Toothaches can be caused by a variety of reasons including trauma, decay, a crack in the tooth, exposed live tooth structure or your bite being off. Sometimes, a toothache can be caused by a piece of debris lodged between the teeth under the gums. A dentist needs to be seen to properly diagnose and treat a toothache.

Never place an aspirin between your tooth and gum to relieve pain. The dissolving aspirin will burn your gum tissue.

A Broken, Fractured, or Displaced Tooth

A broken, fractured or displaced tooth can be concerning, and depending on the situation, decisive, quick action should be taken.

If a tooth has been knocked out intact and whole, carefully rinse the mouth of any blood or other debris. Then holding the tooth by the crown, not the root, gently clean the tooth off, being careful not to scrub it. Then try to place the tooth back in its socket. Call your dentist immediately.

If you cannot place the tooth back in its socket, hold the dislocated tooth by the crown - not the root. Next, place it in a container of warm milk, saline or the victim's own saliva and keep it in the solution until you arrive at the emergency room or dentist's office.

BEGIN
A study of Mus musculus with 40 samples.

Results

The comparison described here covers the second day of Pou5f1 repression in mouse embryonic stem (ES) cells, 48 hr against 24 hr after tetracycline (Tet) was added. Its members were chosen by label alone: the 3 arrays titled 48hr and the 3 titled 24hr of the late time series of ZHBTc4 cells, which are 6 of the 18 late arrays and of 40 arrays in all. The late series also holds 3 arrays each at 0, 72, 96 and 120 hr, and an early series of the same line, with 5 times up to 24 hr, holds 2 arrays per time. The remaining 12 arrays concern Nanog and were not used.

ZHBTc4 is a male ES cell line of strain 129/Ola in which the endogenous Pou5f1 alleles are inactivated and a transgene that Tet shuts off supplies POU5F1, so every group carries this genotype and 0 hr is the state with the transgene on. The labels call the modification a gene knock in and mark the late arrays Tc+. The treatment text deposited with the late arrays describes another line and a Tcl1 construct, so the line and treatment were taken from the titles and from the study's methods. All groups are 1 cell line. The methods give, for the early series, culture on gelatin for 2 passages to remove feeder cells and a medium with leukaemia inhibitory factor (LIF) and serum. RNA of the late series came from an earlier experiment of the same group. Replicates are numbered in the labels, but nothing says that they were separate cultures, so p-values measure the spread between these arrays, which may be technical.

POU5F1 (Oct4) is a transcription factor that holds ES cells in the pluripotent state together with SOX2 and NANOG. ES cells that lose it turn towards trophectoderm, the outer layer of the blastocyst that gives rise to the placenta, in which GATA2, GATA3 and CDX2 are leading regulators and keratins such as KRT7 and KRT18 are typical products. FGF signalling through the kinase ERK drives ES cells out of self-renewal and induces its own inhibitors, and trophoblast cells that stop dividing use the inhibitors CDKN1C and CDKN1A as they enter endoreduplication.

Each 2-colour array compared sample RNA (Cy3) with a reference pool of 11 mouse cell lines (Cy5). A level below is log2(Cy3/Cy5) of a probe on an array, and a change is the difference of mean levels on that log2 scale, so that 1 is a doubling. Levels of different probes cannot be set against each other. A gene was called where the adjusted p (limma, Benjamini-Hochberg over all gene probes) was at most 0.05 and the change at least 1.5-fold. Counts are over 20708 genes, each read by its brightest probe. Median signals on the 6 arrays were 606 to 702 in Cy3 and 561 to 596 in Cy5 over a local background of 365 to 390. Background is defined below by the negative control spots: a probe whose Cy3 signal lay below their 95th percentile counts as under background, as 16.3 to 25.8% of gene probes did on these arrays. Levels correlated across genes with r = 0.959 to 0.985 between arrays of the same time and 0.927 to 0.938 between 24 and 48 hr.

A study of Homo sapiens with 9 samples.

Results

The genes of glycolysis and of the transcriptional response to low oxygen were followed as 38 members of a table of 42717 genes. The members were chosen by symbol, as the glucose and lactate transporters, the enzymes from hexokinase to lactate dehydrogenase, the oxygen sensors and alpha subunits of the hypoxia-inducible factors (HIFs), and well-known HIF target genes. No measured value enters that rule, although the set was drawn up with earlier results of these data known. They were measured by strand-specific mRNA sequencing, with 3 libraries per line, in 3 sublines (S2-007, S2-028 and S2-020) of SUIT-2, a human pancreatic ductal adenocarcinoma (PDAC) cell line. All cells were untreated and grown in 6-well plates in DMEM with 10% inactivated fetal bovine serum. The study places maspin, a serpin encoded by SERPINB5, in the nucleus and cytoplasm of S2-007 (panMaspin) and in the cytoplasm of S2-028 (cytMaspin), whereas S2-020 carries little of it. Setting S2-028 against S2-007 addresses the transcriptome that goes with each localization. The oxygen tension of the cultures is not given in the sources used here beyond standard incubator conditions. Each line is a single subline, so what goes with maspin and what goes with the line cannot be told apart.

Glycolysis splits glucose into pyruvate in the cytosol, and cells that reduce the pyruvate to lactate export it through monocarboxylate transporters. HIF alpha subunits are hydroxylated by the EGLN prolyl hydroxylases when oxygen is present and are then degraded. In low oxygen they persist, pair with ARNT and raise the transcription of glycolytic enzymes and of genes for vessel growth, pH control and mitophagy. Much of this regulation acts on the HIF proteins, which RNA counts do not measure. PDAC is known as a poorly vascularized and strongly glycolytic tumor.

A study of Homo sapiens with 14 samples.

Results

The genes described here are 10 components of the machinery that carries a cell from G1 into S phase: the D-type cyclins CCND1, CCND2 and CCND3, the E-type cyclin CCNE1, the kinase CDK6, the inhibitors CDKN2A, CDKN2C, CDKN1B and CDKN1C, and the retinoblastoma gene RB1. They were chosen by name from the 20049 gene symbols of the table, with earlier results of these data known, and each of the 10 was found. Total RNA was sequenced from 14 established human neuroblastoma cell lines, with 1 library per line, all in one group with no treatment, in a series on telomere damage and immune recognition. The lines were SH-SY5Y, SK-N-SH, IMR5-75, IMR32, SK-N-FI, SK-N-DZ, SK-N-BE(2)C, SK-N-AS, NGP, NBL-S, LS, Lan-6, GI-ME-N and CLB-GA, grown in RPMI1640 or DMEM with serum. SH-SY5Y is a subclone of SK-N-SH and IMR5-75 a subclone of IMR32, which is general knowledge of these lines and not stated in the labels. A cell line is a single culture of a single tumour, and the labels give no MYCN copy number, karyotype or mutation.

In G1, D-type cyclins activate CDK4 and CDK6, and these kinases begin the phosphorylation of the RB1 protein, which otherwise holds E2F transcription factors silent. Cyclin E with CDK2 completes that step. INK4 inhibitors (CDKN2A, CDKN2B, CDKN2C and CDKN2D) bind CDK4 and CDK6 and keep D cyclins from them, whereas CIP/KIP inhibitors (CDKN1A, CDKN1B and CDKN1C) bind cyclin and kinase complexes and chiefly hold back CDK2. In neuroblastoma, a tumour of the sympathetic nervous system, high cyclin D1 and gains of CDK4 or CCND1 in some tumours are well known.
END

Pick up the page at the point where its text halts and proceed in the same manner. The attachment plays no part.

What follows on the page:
Place a cold cloth or compress on the lip or cheek near the injury to keep the swelling down.

For a fractured tooth, it is best to rinse with warm water and apply a cold pack or compress. Ibuprofen may be used for pain relief and to help keep down swelling. If the tooth fracture is minor, the tooth can be smoothed or if necessary, restored by the dentist with a filling or crown. If the fracture is more severe, a root canal may be required to save the tooth. In a worst case scenario, the tooth may not be restorable and need to be extracted. 

A Tooth With Intense Pain or Swelling

A tooth that causes intense pain and/or swelling is usually the sign of a significant problem. Antiobiotics and pain medication are a distant second choice to seeking dental care. A dentist should be seen immediately and appropriate treatment options should be discussed and initiated.

When a Crown or Bridge is loose or comes out

When a crown or bridge is loose or comes out, a dentist should be seen on the soon side. There may or may not be pain or sensitivity, but we don't want you to swallow or lose it before we can hopefully recement it.

Dr. Goodman is available for emergency care if needed after hours. Call the office number, and the answering service can page him if necessary. When Dr, Goodman is away, there are always other Dentists on call for his patients.